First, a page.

Q. Did you seek to delay the new transportation reauthorization to buy time so you can find the money for these new programs?
A. That’s exactly why we did it. Everybody wants to spend $400 billion or $500 billion on a new bill. James Oberstar’s bill costs $450 billion. There’s just no way we’re going to find that money now. Eighteen months gives us the opportunity to help the economy get a little better so we can pass a very comprehensive bill.
Q: How do you see the bill benefiting older Americans?
A: A lot of our seniors want to live in smaller towns where they grew up, raised children and feel safe. So we’ve got to make sure there is affordable housing in those towns and that they have transportation to urbanized areas for when they need to go to the grocery store, or the hospital, or the drugstore. At DOT we can make sure we don’t pour everything into urban areas, but also look out for rural America.
Q. In an AARP poll of transit planners, two-thirds said they don’t specifically take the needs of older Americans into account for their work. Is somebody at DOT specifically tasked with making sure your plans address the needs of this growing segment of the population?
A. I have nine grandchildren; I think I know some of the concerns older people have. There’s also a sensitivity among our employees about the needs of seniors. And this is the first time in the history of a DOT authorization bill that we’re going to have a livability program in the legislation. That sends a pretty good message that this is not your grandfather’s—or your grandmother’s—DOT.
Q. Or maybe that it is your grandparents’ DOT.
A. Exactly. The priorities are a lot different than they were five years ago.
Q. Within the president’s Cabinet, you’re also a member of a smaller group called the “Green Cabinet.” What is that?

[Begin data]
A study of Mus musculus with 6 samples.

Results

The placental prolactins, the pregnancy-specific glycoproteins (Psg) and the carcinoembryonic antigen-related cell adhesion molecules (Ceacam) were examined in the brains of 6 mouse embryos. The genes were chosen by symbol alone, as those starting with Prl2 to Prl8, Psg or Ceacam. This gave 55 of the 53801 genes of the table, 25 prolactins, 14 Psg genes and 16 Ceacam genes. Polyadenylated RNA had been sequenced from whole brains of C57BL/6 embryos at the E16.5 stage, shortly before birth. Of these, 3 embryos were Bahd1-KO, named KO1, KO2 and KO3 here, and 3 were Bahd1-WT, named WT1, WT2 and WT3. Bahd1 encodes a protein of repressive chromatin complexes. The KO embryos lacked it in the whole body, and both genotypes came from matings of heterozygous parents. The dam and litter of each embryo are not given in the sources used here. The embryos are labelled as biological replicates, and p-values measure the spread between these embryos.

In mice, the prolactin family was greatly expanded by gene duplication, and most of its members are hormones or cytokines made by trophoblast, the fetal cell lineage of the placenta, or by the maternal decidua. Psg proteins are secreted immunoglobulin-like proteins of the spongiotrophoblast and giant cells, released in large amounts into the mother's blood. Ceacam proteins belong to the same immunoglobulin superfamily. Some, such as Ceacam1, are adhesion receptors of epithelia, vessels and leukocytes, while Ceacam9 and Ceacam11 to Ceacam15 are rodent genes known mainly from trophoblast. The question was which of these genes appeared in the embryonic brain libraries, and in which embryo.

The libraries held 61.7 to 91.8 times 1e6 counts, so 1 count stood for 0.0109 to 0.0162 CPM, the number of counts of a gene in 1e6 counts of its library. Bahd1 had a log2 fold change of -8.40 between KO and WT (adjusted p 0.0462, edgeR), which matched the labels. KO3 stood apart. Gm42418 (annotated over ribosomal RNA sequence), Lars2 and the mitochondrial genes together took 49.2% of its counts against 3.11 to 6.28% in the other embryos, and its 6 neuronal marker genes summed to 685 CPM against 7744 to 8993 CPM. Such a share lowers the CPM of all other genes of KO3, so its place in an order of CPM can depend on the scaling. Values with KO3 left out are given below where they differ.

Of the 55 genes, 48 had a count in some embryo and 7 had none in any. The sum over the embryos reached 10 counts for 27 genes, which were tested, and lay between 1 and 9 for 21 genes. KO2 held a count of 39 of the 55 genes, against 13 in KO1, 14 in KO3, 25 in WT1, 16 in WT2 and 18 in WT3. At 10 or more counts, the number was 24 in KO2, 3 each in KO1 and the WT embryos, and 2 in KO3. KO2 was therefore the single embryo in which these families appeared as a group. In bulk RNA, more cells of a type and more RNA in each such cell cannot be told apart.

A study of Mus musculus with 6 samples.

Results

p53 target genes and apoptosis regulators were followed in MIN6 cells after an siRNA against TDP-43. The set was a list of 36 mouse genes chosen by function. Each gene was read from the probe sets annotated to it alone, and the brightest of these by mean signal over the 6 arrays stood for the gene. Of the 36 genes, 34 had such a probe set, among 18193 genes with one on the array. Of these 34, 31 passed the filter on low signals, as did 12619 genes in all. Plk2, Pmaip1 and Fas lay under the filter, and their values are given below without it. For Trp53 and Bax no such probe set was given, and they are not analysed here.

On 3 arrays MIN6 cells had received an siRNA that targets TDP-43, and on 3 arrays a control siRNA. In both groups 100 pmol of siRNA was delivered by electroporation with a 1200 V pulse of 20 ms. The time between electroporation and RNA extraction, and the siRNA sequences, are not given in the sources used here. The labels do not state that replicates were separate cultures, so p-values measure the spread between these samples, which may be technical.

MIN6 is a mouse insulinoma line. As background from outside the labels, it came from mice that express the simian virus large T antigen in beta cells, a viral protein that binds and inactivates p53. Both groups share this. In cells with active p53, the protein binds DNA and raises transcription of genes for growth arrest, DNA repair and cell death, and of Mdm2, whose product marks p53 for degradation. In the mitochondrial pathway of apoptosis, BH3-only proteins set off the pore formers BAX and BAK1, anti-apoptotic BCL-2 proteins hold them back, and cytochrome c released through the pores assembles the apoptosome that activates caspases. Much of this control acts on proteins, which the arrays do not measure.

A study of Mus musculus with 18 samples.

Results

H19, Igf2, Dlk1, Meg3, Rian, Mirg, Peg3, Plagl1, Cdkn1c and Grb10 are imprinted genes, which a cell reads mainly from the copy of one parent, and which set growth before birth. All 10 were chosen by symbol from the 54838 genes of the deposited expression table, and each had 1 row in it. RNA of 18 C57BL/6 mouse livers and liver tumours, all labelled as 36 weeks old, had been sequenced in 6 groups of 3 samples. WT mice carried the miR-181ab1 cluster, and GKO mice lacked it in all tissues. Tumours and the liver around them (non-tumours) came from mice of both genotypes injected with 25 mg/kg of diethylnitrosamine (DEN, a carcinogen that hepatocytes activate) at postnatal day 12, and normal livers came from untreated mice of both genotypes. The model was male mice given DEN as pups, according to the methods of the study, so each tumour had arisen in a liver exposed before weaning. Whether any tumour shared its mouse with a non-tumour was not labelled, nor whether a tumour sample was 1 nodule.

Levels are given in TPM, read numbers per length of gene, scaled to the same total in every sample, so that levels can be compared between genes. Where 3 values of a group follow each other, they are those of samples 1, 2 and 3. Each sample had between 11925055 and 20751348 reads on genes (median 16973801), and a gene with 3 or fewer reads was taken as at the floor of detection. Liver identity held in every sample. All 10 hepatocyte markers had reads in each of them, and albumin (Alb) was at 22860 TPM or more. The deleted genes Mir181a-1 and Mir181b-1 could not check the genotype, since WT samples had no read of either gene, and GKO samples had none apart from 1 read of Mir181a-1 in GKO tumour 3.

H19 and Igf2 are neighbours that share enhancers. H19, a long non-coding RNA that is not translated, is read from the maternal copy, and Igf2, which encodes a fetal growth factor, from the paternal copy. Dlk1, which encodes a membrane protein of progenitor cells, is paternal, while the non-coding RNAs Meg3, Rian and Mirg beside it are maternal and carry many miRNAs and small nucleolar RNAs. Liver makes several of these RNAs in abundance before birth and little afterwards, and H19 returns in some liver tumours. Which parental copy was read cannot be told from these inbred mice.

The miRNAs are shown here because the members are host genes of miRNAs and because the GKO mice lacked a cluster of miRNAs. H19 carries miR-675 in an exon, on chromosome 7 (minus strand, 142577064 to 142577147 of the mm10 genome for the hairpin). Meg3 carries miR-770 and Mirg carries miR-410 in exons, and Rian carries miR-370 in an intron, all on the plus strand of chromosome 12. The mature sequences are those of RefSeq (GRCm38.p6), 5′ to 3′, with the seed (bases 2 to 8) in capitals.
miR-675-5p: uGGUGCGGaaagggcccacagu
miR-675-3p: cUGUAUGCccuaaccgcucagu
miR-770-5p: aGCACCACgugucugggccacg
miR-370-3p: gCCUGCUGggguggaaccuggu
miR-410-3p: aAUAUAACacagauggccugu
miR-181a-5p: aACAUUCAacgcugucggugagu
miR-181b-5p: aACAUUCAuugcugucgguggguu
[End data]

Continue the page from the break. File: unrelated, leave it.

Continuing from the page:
A. When we first got into these jobs, Carol Browner [the president’s assistant for energy and climate change] gathered six or seven Cabinet secretaries around a table, and now it’s turned into the Green Cabinet. It’s Cabinet members like Interior, Agriculture and EPA, who are working on green jobs, sustainability, livable communities, affordable housing.
We get lunch together once a month and find ways we can share resources. The DOT, for example, is working with the EPA on fuel standards for automobiles. By 2012, we’re going to get to 25 miles per gallon. By 2016 we’ll get to 36 mpg. This level of collaboration would have been unheard of in another administration.
Q. A lot of alternative transportation proponents were disappointed the economic stimulus program didn’t become a kind of Works Progress Administration for alternative transportation.
A. We got $48 billion, of which $16 billion was for transit and high-speed rail, and $28 billion was for roads and bridges—because we could get it out the door quickly. I know people have criticized there’s too much money going to highways, but it’s a very quick way to fix up deteriorated infrastructure and put people to work.
When I’ve been out visiting these job sites, a lot of the workers were on unemployment in January and February, and now they have a good-paying job. Many of these jobs will last 18 months, and by then hopefully we’ll have an authorization bill that will really enhance alternative transit and high-speed rail.
Q. Why is the president so interested in public transit and high-speed rail?
A. Because he came from Chicago, where they have trains above ground and underground, they have buses, they have light rail.
We can do high-speed rail across the country, whether it’s a train from Chicago to St. Louis that connects up to Wisconsin and Michigan or a train between Minnesota and Ohio. We’re probably looking at three decades before we have true high-speed rail in the country. It took three decades to get the interstate system built, too.
Q. Do you ever walk or bike to work?
A. I haven’t, really. I’m not allowed [for security reasons].